Traders Magazine Online News, July 7, 2017

John D'Antona Jr.

Stock trading in the Great North had always been the purview of a select number of big banks and done via telephony using human sales traders. Electronic tools and dark pools were barely used as Canadian regulations drove trades into the public markets just a few years ago.

But now things are different. It’s 2017 and electronic trading, dark pools and commission spend have all played an integral part of Canada’s unique market structure. But have the changes over the past six years made the market better? Cheaper?  

Doug Clark, Managing Director, Head of Research, ITG Canada recalled that Canada has historically been a global leader in innovating secondary equity trading. It was among the first to introduce electronic trading back in 1977, ETFs in 1993, decimalization in 1995 and the trade-at concept in 2012, he said.

“Canada has never been shy about wandering down untraveled paths,” he recently told Traders Magazine.

He continued to tick off the changes in the Great North - new markets such as chi-X, Pure, MatchNow, Alpha and Omega introduced a new wave of change and innovation. Alpha had introduced the first participant segmenting mechanism, with its IntraSpread dark pool, which limited the active side to just retail investors (a mechanism NYSE would later replicate with their RLP program).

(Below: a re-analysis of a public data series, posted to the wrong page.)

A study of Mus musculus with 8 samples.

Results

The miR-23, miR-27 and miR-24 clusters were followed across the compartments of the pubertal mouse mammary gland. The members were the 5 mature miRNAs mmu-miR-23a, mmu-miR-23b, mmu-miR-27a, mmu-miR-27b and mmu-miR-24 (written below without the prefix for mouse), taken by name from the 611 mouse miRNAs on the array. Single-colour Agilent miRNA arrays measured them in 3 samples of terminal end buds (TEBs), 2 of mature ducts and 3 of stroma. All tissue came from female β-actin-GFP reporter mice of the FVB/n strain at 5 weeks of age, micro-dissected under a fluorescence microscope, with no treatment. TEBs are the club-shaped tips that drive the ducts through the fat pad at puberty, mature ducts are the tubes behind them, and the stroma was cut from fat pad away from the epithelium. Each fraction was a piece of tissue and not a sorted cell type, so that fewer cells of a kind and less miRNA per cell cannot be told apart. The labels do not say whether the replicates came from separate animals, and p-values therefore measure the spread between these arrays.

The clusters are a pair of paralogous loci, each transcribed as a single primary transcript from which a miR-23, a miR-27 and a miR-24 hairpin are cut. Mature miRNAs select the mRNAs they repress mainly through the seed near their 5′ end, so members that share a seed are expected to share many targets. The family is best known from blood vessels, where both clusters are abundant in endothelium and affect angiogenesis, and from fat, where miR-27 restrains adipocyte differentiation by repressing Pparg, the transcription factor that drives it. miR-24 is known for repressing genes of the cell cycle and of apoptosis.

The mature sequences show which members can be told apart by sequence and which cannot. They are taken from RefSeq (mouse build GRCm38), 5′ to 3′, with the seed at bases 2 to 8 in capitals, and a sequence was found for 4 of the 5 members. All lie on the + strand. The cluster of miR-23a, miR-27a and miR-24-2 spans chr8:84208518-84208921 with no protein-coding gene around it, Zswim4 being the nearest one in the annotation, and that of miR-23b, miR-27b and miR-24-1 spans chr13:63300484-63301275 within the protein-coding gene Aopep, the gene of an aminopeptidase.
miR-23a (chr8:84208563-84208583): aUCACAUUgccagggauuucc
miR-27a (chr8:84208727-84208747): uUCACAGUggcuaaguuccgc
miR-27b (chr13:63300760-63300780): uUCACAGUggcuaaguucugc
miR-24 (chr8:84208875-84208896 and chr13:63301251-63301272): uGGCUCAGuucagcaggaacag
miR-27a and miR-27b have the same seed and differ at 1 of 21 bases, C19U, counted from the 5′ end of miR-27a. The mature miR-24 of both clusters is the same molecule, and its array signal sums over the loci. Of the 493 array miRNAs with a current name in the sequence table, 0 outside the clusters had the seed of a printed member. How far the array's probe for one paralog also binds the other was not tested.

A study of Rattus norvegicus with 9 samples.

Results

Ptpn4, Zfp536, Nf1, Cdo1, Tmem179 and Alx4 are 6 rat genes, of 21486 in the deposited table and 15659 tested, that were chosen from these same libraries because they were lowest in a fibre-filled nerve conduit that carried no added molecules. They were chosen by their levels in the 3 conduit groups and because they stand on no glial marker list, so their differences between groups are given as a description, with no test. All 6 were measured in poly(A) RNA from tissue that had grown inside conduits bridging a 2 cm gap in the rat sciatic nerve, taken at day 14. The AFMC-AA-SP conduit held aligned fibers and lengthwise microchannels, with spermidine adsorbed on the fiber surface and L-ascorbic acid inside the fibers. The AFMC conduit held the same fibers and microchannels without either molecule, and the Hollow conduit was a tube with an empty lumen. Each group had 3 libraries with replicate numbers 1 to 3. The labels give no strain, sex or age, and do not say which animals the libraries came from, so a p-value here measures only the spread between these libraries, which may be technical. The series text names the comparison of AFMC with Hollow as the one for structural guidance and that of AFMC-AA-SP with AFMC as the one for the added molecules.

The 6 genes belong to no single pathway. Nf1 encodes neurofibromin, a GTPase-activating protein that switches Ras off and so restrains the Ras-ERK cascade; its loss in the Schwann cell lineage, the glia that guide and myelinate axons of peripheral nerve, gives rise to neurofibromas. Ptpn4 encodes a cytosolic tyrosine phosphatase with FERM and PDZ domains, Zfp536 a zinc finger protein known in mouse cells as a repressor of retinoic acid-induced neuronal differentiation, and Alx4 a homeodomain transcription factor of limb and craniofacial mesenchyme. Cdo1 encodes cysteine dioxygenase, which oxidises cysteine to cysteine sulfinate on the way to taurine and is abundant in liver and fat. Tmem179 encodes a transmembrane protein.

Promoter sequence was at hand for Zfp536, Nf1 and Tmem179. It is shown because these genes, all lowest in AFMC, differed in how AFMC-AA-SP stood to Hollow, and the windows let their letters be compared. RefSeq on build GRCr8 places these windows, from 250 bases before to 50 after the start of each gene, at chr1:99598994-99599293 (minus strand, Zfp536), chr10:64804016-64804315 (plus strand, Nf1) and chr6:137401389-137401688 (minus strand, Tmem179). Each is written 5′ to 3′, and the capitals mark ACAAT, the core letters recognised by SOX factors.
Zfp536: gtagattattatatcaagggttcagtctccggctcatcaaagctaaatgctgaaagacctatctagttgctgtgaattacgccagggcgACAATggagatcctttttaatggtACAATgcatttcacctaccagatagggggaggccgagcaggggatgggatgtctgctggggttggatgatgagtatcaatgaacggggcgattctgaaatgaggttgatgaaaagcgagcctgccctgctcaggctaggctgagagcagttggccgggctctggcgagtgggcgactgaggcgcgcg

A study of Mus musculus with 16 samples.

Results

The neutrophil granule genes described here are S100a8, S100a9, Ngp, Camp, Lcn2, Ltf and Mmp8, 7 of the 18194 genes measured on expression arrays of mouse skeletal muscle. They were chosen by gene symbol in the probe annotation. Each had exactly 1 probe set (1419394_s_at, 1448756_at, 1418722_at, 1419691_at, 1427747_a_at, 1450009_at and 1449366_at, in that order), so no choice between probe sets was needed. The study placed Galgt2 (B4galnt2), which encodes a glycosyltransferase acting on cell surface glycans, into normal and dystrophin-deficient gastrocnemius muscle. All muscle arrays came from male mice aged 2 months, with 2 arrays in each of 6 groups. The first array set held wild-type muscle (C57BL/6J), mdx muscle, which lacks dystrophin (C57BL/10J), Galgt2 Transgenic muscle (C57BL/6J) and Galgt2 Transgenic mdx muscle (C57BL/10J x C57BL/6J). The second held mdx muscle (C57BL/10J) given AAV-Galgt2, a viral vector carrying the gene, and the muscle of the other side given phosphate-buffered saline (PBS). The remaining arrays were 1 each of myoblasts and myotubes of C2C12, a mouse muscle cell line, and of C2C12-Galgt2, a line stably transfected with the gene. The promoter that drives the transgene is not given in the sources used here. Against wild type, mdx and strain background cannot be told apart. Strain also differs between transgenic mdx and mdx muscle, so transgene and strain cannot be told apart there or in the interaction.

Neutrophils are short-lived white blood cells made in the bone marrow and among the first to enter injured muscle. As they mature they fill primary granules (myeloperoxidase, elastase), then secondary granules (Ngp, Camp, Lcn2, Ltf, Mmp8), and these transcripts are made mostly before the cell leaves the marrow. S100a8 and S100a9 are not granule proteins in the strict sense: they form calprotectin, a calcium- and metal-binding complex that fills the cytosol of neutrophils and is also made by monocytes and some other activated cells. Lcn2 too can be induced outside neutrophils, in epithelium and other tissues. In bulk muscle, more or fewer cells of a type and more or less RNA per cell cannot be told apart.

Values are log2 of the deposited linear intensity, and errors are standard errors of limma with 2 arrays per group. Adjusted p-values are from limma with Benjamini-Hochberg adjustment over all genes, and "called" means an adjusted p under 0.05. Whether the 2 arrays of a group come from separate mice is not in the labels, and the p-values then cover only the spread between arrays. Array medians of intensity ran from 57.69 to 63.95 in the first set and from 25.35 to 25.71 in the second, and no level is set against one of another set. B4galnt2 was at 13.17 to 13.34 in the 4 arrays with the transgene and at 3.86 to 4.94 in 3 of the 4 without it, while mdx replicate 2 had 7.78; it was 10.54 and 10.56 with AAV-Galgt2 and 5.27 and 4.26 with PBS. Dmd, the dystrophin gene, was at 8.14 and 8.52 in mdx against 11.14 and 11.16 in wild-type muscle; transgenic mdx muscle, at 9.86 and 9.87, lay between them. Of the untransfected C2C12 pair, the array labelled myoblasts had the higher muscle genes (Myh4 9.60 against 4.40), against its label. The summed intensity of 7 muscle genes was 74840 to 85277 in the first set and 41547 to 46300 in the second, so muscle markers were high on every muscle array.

“While IntraSpread would become a victim of the 2012 dark rules, the barn door was opened wide and the wave towards segmentation would dominate marketplace ‘innovation’ to present day,” he said. “The Alpha speed bump discouraged large institutional liquidity seekers, while delivering pure retail flow to market makers.”

Other venues introduced mechanisms mimicking true real market making facilities to help larger firms better internalize retail flows, to the frustration of some liquidity starved institutional investors.

Clark said that the Canadian market of 2017 is arguably the most complex of any secondary equity market in the world, but unlike the days of yore, much of today's innovation and complexity is aimed at aiding intermediaries.

“In this regard at least, the lesson for other jurisdictions is not to emulate the complexity of Canada, but rather to steer in the other direction,” Clark said. 

 

The following article originally appeared in the July 2011 edition of Traders Magazine

 

Catching Up

Canada Follows U.S. Into Electronic Trading Era 

Much of the talk these days in Canada's financial industry centers on the battle being waged for the Toronto Stock Exchange, between the London Stock Exchange and the Maple Group bank consortium. One offer, it is said, would remake the stock trading industry into a global hot spot. The other would turn the clock back, relegating Canada to yesteryear.

But behind the headlines, an arguably more consequential meat-and-potatoes drama is taking place, as Canada's stock market rushes helter-skelter into the electronic era.

In one of the latest developments, TMX Group, parent of the Toronto, is set to launch an ECN-type platform this month, in a bid to recoup market share lost to a host of electronic upstarts.

Once the only venue in Canada where traders could buy and sell stock, the exchange now finds itself being crowded out by newer, cheaper and more technologically advanced competitors.

TMX Group's new venue, TMX Select, will cater to high-frequency traders and retail day traders. The alternative trading system will seek to distinguish itself with its pricing and a few other attributes.